N.T. Wright in his short book (75 pages long), God and the Pandemic, gives wisdom on how to responds to COVID-19 with a godly mind and heart. He brings us through understanding how we can be tempted to grab hold more of Greek philosophies in our response (e.g. Plato: “Death isn’t the worst thing that can happen. We’re heading somewhere else anyway.”), rather than holding to a Christ-centered response.

Wright, in fact, holds that in this moment we have to be centered on Christ as the revelatory one and revelatory event. Because he is we don’t look for the “whys” in the pandemic (e.g. this happened because of the increasing sin in the west), but rather we look to the “what”. What is the Christian response to this and indeed to all pandemics? How has the church responded in the past to this kind of large scale suffering? The “what” of our respond outweighs the “why” did this happen. Again, this is because Jesus is the revelatory one and event that we point toward as we call people to God, not some happening on the world stage.

The response of God’s people, in Wright’s perspective, is to care for those who are suffering and be people of lament. He writes,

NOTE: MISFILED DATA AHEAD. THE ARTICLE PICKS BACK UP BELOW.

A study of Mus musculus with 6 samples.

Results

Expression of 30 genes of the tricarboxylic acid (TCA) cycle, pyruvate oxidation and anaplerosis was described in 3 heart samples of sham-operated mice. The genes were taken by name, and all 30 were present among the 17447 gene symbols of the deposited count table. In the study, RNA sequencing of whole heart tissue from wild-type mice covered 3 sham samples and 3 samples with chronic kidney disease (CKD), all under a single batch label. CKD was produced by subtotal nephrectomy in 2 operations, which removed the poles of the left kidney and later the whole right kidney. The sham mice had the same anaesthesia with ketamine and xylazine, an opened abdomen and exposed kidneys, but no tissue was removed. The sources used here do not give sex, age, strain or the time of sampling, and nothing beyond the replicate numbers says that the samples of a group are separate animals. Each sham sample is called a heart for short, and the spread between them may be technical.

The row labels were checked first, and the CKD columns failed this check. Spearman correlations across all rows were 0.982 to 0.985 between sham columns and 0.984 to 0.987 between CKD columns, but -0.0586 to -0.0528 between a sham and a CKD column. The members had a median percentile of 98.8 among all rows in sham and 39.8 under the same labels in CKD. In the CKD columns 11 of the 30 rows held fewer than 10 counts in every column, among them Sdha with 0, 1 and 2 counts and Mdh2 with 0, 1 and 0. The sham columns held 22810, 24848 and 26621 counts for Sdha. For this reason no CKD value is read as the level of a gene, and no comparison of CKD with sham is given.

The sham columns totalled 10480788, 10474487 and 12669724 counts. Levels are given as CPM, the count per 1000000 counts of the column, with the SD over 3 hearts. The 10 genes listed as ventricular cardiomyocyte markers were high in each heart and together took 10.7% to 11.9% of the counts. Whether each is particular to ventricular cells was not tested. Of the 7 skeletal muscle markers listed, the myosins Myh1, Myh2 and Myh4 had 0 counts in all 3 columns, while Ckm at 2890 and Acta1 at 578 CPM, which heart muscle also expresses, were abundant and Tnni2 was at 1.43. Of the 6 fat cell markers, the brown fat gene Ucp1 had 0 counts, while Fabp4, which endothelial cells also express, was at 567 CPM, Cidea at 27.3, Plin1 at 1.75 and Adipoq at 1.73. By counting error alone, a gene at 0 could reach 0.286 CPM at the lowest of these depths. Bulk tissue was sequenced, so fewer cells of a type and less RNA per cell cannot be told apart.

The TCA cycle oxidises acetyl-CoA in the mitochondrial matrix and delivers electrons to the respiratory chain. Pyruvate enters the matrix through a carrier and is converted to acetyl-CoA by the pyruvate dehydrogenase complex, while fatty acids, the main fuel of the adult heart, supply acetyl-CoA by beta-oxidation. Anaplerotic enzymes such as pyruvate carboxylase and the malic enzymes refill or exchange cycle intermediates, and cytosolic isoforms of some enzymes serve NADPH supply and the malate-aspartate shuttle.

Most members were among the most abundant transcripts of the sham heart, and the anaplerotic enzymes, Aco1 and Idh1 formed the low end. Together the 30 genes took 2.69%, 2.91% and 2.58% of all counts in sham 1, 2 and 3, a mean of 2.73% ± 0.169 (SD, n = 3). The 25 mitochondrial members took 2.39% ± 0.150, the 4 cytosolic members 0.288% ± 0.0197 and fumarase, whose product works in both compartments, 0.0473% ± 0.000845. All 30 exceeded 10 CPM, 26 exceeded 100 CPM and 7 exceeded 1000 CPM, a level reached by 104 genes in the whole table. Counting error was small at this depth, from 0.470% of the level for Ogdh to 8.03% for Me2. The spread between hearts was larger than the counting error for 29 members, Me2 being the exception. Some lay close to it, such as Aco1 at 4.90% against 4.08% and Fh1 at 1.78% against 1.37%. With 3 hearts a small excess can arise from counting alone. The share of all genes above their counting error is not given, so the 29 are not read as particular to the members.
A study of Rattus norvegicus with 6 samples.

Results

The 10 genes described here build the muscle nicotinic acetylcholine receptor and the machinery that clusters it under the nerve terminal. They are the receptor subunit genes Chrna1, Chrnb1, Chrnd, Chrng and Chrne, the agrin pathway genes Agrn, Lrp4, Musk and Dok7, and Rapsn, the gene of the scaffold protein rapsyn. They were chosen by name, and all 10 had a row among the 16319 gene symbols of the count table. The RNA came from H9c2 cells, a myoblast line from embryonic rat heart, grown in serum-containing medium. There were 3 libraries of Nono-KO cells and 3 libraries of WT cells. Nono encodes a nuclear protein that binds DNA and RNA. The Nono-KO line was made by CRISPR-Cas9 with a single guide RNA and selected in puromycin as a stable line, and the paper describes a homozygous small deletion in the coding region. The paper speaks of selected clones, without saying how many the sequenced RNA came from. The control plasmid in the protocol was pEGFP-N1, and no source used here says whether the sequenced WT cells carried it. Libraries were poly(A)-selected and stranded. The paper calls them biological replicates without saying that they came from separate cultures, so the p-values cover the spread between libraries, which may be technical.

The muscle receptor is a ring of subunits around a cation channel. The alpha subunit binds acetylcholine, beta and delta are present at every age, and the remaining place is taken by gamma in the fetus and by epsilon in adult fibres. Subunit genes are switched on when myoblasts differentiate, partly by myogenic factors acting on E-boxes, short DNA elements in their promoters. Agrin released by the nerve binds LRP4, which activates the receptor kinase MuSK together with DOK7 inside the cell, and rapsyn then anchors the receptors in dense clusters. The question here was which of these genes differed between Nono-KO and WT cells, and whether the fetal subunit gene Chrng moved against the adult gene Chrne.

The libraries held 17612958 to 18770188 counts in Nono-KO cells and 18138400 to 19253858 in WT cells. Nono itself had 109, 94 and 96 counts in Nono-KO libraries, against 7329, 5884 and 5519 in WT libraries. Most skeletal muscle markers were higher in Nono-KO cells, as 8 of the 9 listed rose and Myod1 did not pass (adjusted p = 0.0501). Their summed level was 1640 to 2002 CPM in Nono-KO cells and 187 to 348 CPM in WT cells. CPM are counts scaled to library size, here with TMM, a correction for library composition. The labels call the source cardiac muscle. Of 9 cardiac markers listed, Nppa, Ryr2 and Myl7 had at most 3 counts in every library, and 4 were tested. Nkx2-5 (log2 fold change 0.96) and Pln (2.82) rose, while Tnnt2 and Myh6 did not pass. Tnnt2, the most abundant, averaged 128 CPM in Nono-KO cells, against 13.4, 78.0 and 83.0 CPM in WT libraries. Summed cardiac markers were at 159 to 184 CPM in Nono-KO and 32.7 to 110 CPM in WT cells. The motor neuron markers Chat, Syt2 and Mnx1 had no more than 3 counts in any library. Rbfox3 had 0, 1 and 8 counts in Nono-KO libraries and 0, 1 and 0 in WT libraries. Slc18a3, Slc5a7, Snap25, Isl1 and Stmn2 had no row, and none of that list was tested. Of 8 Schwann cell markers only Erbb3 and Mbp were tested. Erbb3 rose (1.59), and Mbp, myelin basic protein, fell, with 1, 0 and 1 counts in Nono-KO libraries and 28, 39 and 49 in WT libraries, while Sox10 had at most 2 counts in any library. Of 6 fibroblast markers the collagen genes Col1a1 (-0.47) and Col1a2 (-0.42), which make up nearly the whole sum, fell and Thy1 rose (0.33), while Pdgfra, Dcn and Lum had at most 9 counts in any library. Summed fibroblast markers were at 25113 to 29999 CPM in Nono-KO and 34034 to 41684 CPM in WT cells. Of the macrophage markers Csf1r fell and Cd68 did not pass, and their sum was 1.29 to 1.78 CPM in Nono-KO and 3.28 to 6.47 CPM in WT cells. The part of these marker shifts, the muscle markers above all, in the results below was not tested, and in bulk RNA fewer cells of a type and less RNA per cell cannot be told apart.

So what are we saying? Not only do we, the followers of Jesus, not have any words to say, any great pronouncements on ‘what this all means’ to trumpet out to the world (the world, of course, isn’t waiting eagerly to hear us anyway); but we, the followers of Jesus, find ourselves caught up in the groaning of creation, and we discover that at the same time God the Spirit is groaning within us. That is our vocation: to be in prayer, perhaps wordless prayer, at the point where the world is in pain.

Lament, says Wright, actually leads to caring action. It is in lament that our hearts break and we move into ways to bring healing to the world

Along the way in this journey Wright touches on many issues of importance to Pastors and Laypeople. He also gives good doses of wisdom that are needed in this time of pandemic.

This is a book worth the time and investment.